That's my first project that I'll deploy it and I have many questions: what is the best practice and the good configuration? Multi instance of node red for every reader it's the best way if have many data as inputs in seconds?
With out any information about what you are doing, we can't really say what would be the right thing for you to do.
Good morning ,
i have to connect many Rfid readers to node red , One reader can read bettwen 4000 - 6000 tags per seconds and Node red need to check very tag , store history transaction and analyses .
That's why i think to link every reader with an instance node-red to minimize the temps processing .
Just out of curiosity, which real life application requires reading 4000 tags per second ?
Our application is warehouse management using RFID technologies
@Andrei if each ID card was 1 inch, 4000 stacked edge to edge would be 4000 inches. That works out to 333 feet. If they are read by one reader, that means it has to run at 333 feet/second or 227 mph. Man I'd like to see that.
p.s. 6000 ID cards would be running at 340 mph
You can get tags as small as 1.25mm square with a height of 0.55mm
There are also tags for medical use that go down to 700 microns (0.03 inches), or even 300 microns (0.01 inches)
Learn something new every day! Now I'd really like to see the scanning. (I'm just a big kid)
However if you want to process 4,000/second, that is one every 0.00025 seconds. So you would read it and do all the rest of the flow in that amount of time.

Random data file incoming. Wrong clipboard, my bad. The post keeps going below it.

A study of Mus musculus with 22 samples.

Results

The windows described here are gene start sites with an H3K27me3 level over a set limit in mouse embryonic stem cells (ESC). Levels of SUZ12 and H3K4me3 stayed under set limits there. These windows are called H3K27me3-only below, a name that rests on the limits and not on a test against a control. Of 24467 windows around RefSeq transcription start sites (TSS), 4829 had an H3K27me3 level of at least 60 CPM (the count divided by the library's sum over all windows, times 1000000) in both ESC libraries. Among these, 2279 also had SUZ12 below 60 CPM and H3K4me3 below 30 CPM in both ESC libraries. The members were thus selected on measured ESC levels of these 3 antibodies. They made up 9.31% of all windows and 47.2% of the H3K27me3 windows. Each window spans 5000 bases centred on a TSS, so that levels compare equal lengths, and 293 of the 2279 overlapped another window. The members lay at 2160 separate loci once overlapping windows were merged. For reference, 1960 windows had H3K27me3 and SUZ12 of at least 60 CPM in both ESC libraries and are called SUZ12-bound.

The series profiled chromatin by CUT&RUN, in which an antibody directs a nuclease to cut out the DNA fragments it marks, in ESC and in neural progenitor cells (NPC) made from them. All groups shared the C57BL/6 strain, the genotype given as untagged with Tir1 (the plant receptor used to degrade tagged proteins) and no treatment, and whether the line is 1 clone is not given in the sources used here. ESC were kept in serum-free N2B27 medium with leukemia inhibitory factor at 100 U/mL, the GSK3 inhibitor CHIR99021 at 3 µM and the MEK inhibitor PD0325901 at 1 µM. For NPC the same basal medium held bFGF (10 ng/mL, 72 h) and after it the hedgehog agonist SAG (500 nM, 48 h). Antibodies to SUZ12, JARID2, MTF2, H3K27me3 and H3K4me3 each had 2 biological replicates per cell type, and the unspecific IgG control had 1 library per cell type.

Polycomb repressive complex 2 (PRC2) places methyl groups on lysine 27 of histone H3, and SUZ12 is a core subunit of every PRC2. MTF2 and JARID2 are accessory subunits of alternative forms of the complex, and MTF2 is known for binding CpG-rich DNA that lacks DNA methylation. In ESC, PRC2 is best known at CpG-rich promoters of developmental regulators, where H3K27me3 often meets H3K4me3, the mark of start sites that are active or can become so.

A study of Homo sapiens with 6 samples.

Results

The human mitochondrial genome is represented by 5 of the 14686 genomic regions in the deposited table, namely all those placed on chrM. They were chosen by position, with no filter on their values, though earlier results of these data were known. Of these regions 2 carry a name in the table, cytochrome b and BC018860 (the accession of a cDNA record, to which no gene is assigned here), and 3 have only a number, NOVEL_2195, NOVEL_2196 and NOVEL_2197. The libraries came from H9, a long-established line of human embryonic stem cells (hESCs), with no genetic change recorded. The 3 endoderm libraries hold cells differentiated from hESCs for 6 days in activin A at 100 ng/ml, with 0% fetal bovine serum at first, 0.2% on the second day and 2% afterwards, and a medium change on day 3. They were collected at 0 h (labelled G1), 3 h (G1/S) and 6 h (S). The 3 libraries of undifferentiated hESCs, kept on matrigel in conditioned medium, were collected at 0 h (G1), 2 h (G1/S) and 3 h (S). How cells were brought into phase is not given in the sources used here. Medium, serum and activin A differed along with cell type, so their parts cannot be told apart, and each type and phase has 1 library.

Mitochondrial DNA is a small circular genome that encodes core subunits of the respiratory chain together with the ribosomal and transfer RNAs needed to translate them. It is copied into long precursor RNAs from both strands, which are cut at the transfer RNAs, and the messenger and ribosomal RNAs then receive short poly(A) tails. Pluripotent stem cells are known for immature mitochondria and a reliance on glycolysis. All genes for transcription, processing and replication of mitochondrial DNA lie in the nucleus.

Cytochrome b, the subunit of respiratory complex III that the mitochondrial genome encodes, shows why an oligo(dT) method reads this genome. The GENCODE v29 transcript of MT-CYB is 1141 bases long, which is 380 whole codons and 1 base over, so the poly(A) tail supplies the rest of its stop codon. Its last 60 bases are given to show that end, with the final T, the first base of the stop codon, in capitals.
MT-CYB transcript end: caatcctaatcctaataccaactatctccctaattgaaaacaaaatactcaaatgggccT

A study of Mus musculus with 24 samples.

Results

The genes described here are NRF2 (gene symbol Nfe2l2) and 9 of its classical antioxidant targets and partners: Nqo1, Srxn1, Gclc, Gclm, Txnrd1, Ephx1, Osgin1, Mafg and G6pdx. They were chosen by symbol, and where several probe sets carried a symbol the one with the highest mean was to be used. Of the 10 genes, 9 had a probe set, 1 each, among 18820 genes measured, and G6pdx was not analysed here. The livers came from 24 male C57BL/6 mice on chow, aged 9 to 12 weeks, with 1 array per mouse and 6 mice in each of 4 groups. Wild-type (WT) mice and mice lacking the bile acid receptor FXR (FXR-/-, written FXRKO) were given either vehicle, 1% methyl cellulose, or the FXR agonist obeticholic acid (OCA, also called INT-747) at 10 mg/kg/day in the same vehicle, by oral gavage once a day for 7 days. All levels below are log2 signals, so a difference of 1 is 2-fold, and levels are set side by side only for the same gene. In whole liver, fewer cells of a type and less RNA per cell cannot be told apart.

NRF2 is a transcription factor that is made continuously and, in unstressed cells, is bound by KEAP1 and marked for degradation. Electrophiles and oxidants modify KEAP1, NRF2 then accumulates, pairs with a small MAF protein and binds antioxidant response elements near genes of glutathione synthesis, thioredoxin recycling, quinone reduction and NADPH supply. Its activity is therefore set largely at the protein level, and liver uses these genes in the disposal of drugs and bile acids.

I don't think it would work on a Pi Zero
@HasseneKh what type of machinery/system is having 4000 reads per second? I’ve gotta see this!
He stated it was warehouse management.
I suspect that amount of readings isn't generated by one single line, but the whole location.
Still, 4000 is a lot. Even for the whole system.
Ever seen an Amazon location or something comparable? No that far fetched.
Actually yes, I’ve even installed one.
So there would be many locations where tags could be read simultaneously spread over the whole location.
All in all, a very interesting use-case. I would like to see if Node-RED can handle that properly, given it runs on appropriate hardware for the job.
I have never actually tried load testing my use case, but routinely handle 200-300 messages per second (running on windows server) with no issues.
I had verified the technical spec of the readers RFID zebra , the real range is bettween 400 ~ 900 tags /sec for mobile readers and for fixed readers can go to 1200 per second
i hope that also
Whilst the reader may go at 1200/sec that is very unlikely to be a sustained rate for a long period of time. It is more likely to be sudden bursts of activity as tags are brought into range. But regardless,
How would the RFID readers connect to Node-RED? Is Node-RED reading from the readers directly or is there some messaging bus in between? What sort of work will need to do for each tag that is read?
You need to pick the right architecture for the type of scenarios you want to manage.
If you have multiple readers working independently of each other (ie, scanning different sets of tags around a large warehouse), then having separate Node-RED instances may well be a better way to distribute the workload.
If its a more static setup, then you may get away with a single Node-RED instance running in a centralised location. But it would very much come down to what you wanted the flows to do.
If you push Node-RED out to the individual devices, you need to consider how you'd manage the flows and updates - although that's no different to any software you are running across multiple devices.
So it really does depend on the scenarios you want to support - and what testing you can do to find what works.
Thanks for your reply, I will try the scenarios that have and I hope to get the optimal one .
Rate of scanning doesn't have to match the rate of processing in node-red. (assuming rate of reading is not constant and has high and lows)
Scanner could read at whatever speed and queue it up somewhere and have one or more node-red instances process it from that queue.